What Should I Tell Prospective Firms If My Previous Firm Won’t Admit Publicly Why I Was Fired?
Question: My firm won't publicly admit I was fired for economic reasons. What do I tell prospective employers?
Answer: I am sorry to hear about this unfortunate news. This is probably not the best time for a corporate associate to be looking for a job, although it is not as bleak as some people are making it out to be. Let's try to make lemonade out of the lemons.
Before we get into what you should be telling prospective employers, we need to analyze what actually happened to you. First of all, did you have any inkling that you were going to be let go? How have you been doing at your firm? What have your reviews been like? Have you been receiving assignments up to this point? If not, have the other associates in your department been busy while you are not getting any new assignments?
You did not tell us anything about your firm: Is it a small boutique or a mega-firm? Are you the only associate in your department or are there many others? Were you the only associate who was laid off or did the firm do some serious pruning of the associate ranks? Are you eligible to be rehired should the deal stream start to build up again? All of those questions are critical in determining how to respond to prospective employers.
Forget about what the firm is saying "publicly" about associate departures. What matters to your future is what the partners who will serve as your references will say when a prospective employer calls them. Wherever you interview, the potential employer will want to check your references to find out why you were laid off.
The first thing you must do is speak with the partner you work with most frequently. This is even more critical if you were the only associate who was asked to leave the firm. Let this partner know that whatever reason he will give for your departure must be truthful and be the same answer that every partner will give should any of them be checked as a reference.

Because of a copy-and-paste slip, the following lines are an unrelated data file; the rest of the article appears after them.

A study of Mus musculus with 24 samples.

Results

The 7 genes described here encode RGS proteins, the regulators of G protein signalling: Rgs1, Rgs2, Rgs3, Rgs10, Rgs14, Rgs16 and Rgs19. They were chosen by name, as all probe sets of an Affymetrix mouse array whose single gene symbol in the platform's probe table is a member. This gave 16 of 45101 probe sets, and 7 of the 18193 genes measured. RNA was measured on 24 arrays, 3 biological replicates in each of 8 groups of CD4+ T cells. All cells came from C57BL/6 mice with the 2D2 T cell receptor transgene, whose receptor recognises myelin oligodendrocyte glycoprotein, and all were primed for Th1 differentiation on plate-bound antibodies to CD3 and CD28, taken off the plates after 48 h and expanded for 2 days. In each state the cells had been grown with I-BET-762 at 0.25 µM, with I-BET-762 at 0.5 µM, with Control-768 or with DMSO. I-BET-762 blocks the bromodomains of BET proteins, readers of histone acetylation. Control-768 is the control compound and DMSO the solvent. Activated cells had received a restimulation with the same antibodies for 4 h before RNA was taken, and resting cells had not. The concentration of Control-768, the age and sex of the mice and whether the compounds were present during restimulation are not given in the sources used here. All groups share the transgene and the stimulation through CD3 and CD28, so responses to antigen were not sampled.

If you were part of a large group of associates who were asked to leave, your response to potential employers will be easier than if you were the only one let go. Whether or not the firm is attributing the layoffs to the economy, multiple terminations speak for themselves. Given the way things have been going over this past year in the corporate practice area, even if the firm is not announcing that the layoffs are due to economic conditions, the reason for a mass termination of corporate associates seems to be self-evident.
Under this scenario, you can tell prospective employers that you were not terribly surprised to be laid off, due to the fact that the flow of assignments had slowed down for all of the corporate associates and even the partners did not seem as busy as they had been before. By the way, if there was a mass exodus from your firm, trust me that wherever you interview, they already will have received a number of resumes from lawyers at your previous firm.
But what do you do if you were the only associate who has been let go? This is a much more difficult position. You really need to think about what happened. Can you think of anything that you might have done to cause the firm to terminate your employment? Was there any indication at all that this was about to happen?
You are about to be interviewing for your third job in only four years of practice. According to what you have told us, you have stayed at each job for two years. Why did you leave your first job? What are you looking for from this next employer that will allow you to stay for many years? These are the kind of questions you need to ask yourself prior to going on any interviews, because a prospective employer will certainly want to know the answers.
If your termination really had nothing to do with the quality of your work, you need to discuss with your supervising partners what they are comfortable with you saying during your interviews. Good luck!
Summary: Sometimes a law firm doesn't want to share the actual reason that a person was fired when it makes them look bad. What can you do about this in interviews?